How to Celebrate Freedom and End Slavery: The Nomi Network

How to Celebrate Freedom and End Slavery: The Nomi Network July 3, 2012

As we celebrate America’s independence this week, freedom is front and center. But it’s not so readily available for the many women around the world today who have little hope of escaping the modern-day slavery of sex and labor trafficking.

The Nomi Network is working to change that.

They are a new generation of abolitionist with the hearts of a Wilberforce and the business savvy of modern global entrepreneurs. They help free woman vulnerable to sex-trafficking by enabling them to produce and distribute high-quality, useful merchandise around the world.

The Nomi Network got its start in 2007 when co-founder Diana Mao took a trip to Cambodia and met young girls who were vulnerable to sex-trafficking.  As she pondered how she might help them, she noticed something. “I had the idea [for Nomi Network] when I saw a lot of people actually turn trash into products and that’s a way that they generated income. At the time I was taking business and economics and was interning at an accounting firm and knew that was not the direction I wanted to go.”

Diana traveled a lot, served a lot, and prayed a lot. She also met co-founder Allisa Moore who shared a similar passion for helping these enslaved women. They returned to Cambodia together for an encounter that changed everything.

There they met Nomi.

“What makes me get out of bed every day is when I think about Nomi. She is a survivor that we had the privilege of meeting when we were in Cambodia. She was at a shelter for those who had just been rescued from sexual slavery.” According to Diana, most women receive help, therapy, and are eventually able to return to society. But Nomi was different.  “The director told us that she would be there for the rest of her life because of her mental disabilities that really got worse after her exploitations.  And we really believed in a hope and a future for her where she could rise above her circumstances.”

Thus the Nomi Network got its name.

In only its third year as a non-profit organization, the volunteer-driven group has made rapid progress through its partners in Cambodia. Diana explains, “We’ve been able to work with an organization in Cambodia to connect with survivors who have been able to retain jobs in product manufacturing.” The Nomi Network team has come alongside these women to even help them move up and out of manufacturing and into secretarial and other higher-paying jobs.

This past February, they secured a grant from the US Department of State to launch a new program into India, as well.  Diana explains the harsh reality, “If we weren’t there, these women really would have little hope in a region where women really do not have any opportunity to work. That’s what really drives me, seeing their lives really change and then being able to be self-sufficient.”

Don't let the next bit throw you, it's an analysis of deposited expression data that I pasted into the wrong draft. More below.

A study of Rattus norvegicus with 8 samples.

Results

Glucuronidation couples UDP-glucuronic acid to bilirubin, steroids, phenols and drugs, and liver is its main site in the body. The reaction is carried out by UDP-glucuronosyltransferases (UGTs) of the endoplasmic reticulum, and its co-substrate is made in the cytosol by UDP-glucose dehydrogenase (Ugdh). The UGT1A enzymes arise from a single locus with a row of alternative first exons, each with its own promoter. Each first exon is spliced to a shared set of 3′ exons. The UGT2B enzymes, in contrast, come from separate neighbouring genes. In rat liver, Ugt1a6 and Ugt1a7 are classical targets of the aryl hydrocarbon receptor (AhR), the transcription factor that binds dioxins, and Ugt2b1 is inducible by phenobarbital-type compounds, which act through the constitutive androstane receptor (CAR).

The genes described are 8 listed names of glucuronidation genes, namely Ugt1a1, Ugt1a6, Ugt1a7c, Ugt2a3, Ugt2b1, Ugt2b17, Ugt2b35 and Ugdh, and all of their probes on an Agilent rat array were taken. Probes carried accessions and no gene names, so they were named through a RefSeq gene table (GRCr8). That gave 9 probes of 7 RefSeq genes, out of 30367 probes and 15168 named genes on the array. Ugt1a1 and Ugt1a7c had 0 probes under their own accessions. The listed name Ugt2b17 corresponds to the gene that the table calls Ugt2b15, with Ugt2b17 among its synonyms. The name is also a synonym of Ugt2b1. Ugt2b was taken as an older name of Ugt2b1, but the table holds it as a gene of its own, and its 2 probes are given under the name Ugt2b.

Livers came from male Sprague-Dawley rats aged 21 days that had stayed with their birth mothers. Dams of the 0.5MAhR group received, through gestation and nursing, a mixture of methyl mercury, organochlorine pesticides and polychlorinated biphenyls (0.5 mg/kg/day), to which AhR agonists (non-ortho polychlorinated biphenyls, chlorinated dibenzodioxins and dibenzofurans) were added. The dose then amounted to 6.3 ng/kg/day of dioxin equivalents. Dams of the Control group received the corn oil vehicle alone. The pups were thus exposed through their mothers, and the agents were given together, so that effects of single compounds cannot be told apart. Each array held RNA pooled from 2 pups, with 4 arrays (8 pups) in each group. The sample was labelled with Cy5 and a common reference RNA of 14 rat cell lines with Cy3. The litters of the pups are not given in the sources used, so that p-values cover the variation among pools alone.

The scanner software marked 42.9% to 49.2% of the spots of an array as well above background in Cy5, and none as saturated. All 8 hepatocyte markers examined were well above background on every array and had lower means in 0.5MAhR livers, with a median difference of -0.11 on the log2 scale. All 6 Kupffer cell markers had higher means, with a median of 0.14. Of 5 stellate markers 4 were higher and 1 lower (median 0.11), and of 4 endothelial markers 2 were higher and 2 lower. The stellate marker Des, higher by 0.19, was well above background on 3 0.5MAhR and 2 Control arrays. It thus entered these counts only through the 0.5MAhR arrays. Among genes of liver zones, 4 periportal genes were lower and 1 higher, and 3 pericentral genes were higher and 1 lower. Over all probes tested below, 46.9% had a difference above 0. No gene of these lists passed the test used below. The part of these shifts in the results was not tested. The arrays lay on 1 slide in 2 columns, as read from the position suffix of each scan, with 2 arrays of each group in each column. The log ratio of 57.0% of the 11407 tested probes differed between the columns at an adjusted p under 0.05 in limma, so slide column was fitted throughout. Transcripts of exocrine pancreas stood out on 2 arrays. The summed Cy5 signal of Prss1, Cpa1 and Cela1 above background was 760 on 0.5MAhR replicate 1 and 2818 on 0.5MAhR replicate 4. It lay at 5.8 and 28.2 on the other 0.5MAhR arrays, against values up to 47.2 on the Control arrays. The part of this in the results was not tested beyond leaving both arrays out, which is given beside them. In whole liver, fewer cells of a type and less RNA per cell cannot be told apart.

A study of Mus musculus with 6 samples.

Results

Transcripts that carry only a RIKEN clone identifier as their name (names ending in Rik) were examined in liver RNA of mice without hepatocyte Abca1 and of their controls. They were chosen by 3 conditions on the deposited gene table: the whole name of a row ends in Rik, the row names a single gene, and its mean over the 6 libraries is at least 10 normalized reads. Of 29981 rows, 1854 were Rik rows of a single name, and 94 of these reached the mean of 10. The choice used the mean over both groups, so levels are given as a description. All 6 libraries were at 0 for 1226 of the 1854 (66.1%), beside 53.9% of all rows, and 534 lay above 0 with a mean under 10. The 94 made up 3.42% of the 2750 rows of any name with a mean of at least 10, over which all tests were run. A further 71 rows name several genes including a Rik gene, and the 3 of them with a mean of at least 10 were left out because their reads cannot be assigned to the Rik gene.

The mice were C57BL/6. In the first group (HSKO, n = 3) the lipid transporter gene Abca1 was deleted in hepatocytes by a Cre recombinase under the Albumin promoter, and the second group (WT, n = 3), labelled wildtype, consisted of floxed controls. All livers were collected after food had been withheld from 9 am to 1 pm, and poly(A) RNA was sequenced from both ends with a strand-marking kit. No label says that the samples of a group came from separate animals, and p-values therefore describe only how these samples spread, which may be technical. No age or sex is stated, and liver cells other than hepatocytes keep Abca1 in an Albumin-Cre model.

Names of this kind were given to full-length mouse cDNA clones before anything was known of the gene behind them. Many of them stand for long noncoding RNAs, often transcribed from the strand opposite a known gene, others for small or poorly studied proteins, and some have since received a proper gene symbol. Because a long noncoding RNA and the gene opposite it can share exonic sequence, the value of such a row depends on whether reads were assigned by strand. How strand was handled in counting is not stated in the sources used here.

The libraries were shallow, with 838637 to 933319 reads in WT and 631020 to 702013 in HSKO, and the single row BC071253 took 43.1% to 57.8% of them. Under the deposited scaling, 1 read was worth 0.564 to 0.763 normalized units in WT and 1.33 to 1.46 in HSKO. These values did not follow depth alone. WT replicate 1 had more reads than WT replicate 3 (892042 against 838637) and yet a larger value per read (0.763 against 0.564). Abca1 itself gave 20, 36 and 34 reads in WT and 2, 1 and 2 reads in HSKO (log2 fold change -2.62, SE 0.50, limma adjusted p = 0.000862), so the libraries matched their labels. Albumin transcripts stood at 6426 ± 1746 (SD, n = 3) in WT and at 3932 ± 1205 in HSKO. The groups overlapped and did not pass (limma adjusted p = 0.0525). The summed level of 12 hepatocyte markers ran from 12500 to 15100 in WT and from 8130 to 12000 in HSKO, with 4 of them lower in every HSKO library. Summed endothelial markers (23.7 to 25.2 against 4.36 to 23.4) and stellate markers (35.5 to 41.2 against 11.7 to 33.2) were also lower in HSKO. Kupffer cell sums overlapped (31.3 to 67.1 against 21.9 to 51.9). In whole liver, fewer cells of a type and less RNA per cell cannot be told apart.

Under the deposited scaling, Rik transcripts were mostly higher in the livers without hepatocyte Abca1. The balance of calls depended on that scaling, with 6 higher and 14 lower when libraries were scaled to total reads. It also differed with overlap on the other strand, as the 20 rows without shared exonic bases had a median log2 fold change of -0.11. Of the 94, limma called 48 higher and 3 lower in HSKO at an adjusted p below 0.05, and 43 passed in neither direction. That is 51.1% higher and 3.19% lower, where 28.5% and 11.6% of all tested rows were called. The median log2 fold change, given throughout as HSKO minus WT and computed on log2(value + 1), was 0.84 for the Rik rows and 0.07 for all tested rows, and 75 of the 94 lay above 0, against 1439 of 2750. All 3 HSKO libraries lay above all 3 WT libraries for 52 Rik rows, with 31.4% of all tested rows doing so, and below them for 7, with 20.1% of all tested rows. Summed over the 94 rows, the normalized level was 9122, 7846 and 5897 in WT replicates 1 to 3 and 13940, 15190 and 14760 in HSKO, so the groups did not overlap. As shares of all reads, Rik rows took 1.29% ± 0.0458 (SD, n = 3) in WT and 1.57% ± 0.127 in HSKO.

Their strategy for helping free these women is three-fold:

  1. Improve the design and quality of the products they produce;
  2. Use modern marketing techniques to increase their access to the marketplace; and
  3. Increase their partner’s capacity to hire more women at-risk and survivors of human trafficking.

Here in the US, The Nomi Network is also active. “We do a lot of awareness-raising among consumers on the products that they purchase,” Diana notes.  “Studies show that 81% of consumers actually want to buy products that help people and support companies that support social causes. There just aren’t many good products available that are made from vulnerable populations.  We help create more products that are innovative and with high utility, that are well-designed, and well-made that retailers can purchase or consumers can purchase directly on-line. We make it easy for them to be part of the solution.”

Even in this era of corporate social responsibility, it has been a struggle to find buyers at times because The Nomi Network insists on producing high-quality products and providing fair wages and health benefits
for the at-risk women. “The ideal partner is retailers,” Diana says. “The most important thing is that 100% of the profit goes back into the program. We want people to carry the products. The more people carrying and using the products, the more buyers are interested.” They are making tremendous progress but always welcome new partners to co-design new products with them or to simply give them a design and have it produced in a socially responsible way that transforms lives. Contact them about becoming a retail partner with an e-mail to

Their goal? Create 100,000 jobs by 2025.

After spending just few minutes with her and hearing the heart behind this liberating cause, I have little doubt it will happen. With a little help from you, of course.

Check out their current products here and celebrate your own freedom by buying an item or two that sets a woman free.  Sign up to host a home-party – it sure beats candles for lasting impact. Contact them here if you have ideas for creative partnerships. And, if all else fails, just donate here to put feet to your own walk of faith as a Christ-follower.

He came to set the captives free. You can help with that today by sharing this with your friends and then clicking here. Follow them on Twitter and connect on Facebook.